Place is easier to talk about than time, at least when you confine the discussion to latitude, longitude and altitude. It gets harder when you think about your place on a spinning, tilting, sun-wheeling planet in a spinning, galaxy-circling solar system, the whole package swirling and wheeling its way towards the theoretical edge of the theoretical universe. (One of countless multiverses?)
FACTOID: One galactic year for us is 230 million years: the time it takes for our little star system to make a complete revolution around the entire Milky Way galaxy.
Time, on the other hand, has no physics or chemistry, though it is a dimension set in motion by the beginning of post-Bang physics–entropy in particular. And sci-fi speculation notwithstanding, this thing called time (which someone said was created by God so that everything didn’t happen all at once) seems to be one-directional.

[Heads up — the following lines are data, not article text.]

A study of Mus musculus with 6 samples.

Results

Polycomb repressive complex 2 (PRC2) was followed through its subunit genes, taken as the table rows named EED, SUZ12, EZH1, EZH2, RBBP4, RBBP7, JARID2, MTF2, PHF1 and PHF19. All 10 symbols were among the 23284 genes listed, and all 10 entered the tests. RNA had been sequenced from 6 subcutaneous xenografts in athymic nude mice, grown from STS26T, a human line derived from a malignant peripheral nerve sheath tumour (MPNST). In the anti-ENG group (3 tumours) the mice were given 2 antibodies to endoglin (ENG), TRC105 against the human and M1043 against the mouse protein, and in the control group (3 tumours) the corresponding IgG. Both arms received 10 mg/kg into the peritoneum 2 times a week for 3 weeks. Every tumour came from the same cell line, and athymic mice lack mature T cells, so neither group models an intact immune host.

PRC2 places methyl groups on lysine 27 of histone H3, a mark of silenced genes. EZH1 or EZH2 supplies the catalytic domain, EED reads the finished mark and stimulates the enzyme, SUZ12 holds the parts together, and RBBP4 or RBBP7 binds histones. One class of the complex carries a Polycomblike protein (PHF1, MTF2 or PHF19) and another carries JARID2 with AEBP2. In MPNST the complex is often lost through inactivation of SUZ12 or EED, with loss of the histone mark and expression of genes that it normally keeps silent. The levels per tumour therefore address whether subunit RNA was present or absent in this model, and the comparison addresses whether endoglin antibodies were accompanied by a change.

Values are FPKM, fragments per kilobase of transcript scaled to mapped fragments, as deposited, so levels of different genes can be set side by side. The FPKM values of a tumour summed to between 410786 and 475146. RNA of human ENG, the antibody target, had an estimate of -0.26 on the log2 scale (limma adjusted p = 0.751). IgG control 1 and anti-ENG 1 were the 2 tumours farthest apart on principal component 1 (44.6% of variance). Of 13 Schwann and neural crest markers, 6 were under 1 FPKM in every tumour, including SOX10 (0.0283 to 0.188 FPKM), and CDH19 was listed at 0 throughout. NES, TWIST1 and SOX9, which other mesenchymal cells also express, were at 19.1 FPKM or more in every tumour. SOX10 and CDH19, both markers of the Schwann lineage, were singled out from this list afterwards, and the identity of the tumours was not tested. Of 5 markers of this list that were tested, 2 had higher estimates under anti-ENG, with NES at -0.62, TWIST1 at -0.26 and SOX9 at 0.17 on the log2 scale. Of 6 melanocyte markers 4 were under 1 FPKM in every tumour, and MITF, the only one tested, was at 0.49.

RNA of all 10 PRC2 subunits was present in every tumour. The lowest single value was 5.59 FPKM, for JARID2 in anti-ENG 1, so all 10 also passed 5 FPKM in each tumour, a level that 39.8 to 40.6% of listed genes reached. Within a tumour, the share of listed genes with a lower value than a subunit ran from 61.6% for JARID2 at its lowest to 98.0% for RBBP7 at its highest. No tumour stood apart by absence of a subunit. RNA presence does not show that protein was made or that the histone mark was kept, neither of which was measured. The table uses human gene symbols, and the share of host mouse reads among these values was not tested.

We can travel into the future. Going the other way, not so much.
If you look for an understanding of what time “is” you’ll wade into some deep water. It is sort of like attempting to define what “life” is. Maybe it depends on what your definition of IS is.Â : > }
We can say what material beings that have life DO (respire, metabolize, reproduce, etc) but we still cannot define LIFE apart from those living things.
Wikipedia admits: “Time has long been a major subject of study in religion, philosophy, and science, but defining it in a manner applicable to all fields without circularity has consistently eluded scholars.”
So I feel a little better for my own puny attempts to know this medium that makes NOW the future of a few minutes past.